Depression among girls and young women calls for awareness among public, private, or community organizations
Girls and women are at the highest risk for depression compared to their male counterparts. According to the Center for Behavioral Health Statistics and Quality 2012 report, diagnoses of depression triples for adolescents between the ages of 12 and 17 years old. The American Psychological Association publication titled, “Explaining the Gender Difference in Depressive Symptoms,” suggest the trend persists well into adulthood. For adolescent girls, puberty, transitioning from elementary to middle school, emerging sexuality, and increased conflict with parents may contribute to mood swings and depression. The change to adulthood is laced with another set of challenges, which include low self-esteem, interpersonal relationships, romantic relationships, and workplace stress.
The above links are pdf files. To view, download Acrobat Reader.
Depression and Adolescent Girls
The growing crisis of depression in girls and young women necessitates awareness by parents, guardians, teachers, school counselors, clinicians, and work supervisors. Parents or guardians need to be aware of the symptoms of depression in their daughter(s) to ensure that help is sought and mental health issues are addressed in order to reduce the source of the depression. Depressive symptomology is not restricted to the home or school setting for young and adolescent girls. School counselors and clinicians are often the frontline providers for adolescent girls and must be cognizant of the ever-changing treatment modalities, given that treating depression in adolescent girls may require a different focus.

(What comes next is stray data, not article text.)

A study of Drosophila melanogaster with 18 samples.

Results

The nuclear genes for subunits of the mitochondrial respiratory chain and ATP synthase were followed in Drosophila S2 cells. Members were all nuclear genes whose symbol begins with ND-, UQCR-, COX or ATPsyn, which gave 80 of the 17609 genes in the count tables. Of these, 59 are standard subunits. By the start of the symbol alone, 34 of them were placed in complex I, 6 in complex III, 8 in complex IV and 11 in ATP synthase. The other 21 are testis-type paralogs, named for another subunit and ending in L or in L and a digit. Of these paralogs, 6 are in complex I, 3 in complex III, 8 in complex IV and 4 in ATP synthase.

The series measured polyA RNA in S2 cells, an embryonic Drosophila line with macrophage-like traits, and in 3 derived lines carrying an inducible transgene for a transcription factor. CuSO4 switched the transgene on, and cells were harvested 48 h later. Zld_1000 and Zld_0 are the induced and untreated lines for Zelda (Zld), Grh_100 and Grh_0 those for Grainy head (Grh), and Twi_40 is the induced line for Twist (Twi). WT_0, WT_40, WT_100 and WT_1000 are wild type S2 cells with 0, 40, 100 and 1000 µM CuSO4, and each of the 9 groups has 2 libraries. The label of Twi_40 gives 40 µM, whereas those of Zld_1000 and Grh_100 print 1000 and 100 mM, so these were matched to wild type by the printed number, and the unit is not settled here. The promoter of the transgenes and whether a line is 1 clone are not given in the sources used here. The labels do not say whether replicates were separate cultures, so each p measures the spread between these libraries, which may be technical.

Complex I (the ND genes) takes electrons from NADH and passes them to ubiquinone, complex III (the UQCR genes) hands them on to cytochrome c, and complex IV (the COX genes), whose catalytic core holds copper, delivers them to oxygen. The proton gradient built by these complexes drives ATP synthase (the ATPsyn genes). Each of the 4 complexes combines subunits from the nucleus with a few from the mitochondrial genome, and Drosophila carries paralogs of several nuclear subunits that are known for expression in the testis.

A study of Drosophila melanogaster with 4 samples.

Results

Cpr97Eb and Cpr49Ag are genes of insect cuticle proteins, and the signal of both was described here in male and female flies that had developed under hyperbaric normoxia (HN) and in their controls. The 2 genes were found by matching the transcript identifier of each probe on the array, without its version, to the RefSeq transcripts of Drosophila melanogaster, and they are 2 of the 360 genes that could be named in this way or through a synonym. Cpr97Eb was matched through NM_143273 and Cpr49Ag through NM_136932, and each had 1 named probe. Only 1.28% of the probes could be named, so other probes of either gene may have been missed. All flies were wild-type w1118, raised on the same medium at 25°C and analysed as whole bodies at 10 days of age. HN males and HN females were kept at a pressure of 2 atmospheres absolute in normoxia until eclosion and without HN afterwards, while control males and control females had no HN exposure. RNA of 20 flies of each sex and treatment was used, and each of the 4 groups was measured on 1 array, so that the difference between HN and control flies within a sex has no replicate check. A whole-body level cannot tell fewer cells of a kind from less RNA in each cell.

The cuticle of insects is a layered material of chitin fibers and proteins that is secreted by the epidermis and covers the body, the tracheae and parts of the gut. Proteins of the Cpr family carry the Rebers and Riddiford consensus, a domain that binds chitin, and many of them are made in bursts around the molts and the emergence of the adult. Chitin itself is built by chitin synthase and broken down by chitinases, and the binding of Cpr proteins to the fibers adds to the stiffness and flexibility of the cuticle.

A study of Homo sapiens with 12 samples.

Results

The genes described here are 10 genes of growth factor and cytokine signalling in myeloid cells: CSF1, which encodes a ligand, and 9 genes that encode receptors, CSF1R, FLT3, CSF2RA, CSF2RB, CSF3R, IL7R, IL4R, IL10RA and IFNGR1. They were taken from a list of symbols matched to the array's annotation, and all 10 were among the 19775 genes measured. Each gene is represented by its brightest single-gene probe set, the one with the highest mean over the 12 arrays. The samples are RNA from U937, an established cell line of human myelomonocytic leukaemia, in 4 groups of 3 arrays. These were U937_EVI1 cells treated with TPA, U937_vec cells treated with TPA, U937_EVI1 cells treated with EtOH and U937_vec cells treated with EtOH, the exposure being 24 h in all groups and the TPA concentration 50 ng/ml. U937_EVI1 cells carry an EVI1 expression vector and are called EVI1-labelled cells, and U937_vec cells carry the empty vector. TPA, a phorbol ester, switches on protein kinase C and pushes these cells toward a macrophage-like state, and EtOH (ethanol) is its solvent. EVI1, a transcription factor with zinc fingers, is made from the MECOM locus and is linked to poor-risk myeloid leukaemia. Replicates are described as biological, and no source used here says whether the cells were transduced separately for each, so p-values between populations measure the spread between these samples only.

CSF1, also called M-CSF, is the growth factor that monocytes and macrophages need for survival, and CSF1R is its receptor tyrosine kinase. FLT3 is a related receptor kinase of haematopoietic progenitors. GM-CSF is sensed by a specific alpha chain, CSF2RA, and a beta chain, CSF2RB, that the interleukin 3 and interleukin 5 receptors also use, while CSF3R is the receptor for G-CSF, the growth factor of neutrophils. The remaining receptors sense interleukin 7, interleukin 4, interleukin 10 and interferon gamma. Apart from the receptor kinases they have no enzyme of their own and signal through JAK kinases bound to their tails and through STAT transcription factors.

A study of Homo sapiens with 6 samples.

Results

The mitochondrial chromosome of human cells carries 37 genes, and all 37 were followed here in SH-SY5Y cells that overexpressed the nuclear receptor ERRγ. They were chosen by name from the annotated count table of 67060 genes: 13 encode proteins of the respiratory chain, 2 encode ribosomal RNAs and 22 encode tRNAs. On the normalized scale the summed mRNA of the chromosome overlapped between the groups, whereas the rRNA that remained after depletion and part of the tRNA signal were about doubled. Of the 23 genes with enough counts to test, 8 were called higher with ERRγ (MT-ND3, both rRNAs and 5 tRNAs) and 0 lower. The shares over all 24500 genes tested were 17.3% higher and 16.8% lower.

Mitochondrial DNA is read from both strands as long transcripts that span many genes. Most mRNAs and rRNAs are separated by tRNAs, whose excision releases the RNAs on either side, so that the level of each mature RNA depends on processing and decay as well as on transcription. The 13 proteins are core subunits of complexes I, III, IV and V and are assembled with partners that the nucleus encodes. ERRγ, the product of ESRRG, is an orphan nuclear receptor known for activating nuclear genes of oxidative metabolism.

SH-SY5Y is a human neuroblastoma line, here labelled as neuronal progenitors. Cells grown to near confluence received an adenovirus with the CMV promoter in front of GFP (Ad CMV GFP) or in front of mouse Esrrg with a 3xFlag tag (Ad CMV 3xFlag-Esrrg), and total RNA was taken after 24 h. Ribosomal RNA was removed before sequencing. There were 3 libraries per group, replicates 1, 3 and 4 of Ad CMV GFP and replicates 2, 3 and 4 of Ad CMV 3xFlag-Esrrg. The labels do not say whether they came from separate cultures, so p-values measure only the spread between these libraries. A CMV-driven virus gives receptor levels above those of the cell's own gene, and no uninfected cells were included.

Depression and Young Adulthood
Depression is considered a chronic, progressive disorder that typically extends into adulthood. As the problem persists, it may become a prevalent challenge in the workplace. For supervisors, employee depression may be uncharted territory. How do the supervisors balance professionalism, sensitivity, and Human Resource rules and policies with workplace culture while ensuring employee success and workplace productivity? At what points must supervisors identify signs of abnormal workplace demeanor and refer employees for higher levels of resolution to mediate possible depression? What is an appropriate balance of workplace strategies that supervisors can use to assist employees in coping with depression in the workplace?
What are the first steps needed to help our daughters, girlfriends, mothers, sisters, female students, female clients, and female employees implement work-life balance? Becoming aware of the problem and knowing what the face of depression in girls and young women looks like is an important first step.
ARDX Raises Awareness to Address Gaps in Behavioral Health
ARDX believes strongly in creating innovative ideas that foster integrated systems of change to promote overall health and well-being. This year’s 9th Annual Women’s Wellness Celebration is themed “Mental Health Matters: Opening Eyes. Opening Minds.” ARDX hopes to raise awareness and promote action about the mental health well-being of girls and women by integrating the roles of policymakers, community leaders, practitioners, and families.
It is worth everyone’s time to attend and hear expert speakers and panelists from varying local and national organizations address these modern-day mental health issues. The information received at the Women’s Wellness Celebration conference will be life-changing. Don’t miss out on this opportunity!
About the Author
Rolande Murray, Ph.D. – Dr. Murray is an Associate Professor in the Department of Applied Psychology and Rehabilitation Counseling at Coppin State University in Baltimore, MD, and serves as a Behavioral Health Expert on the ARDX Healthcare Expert Advisory Board (HEAB).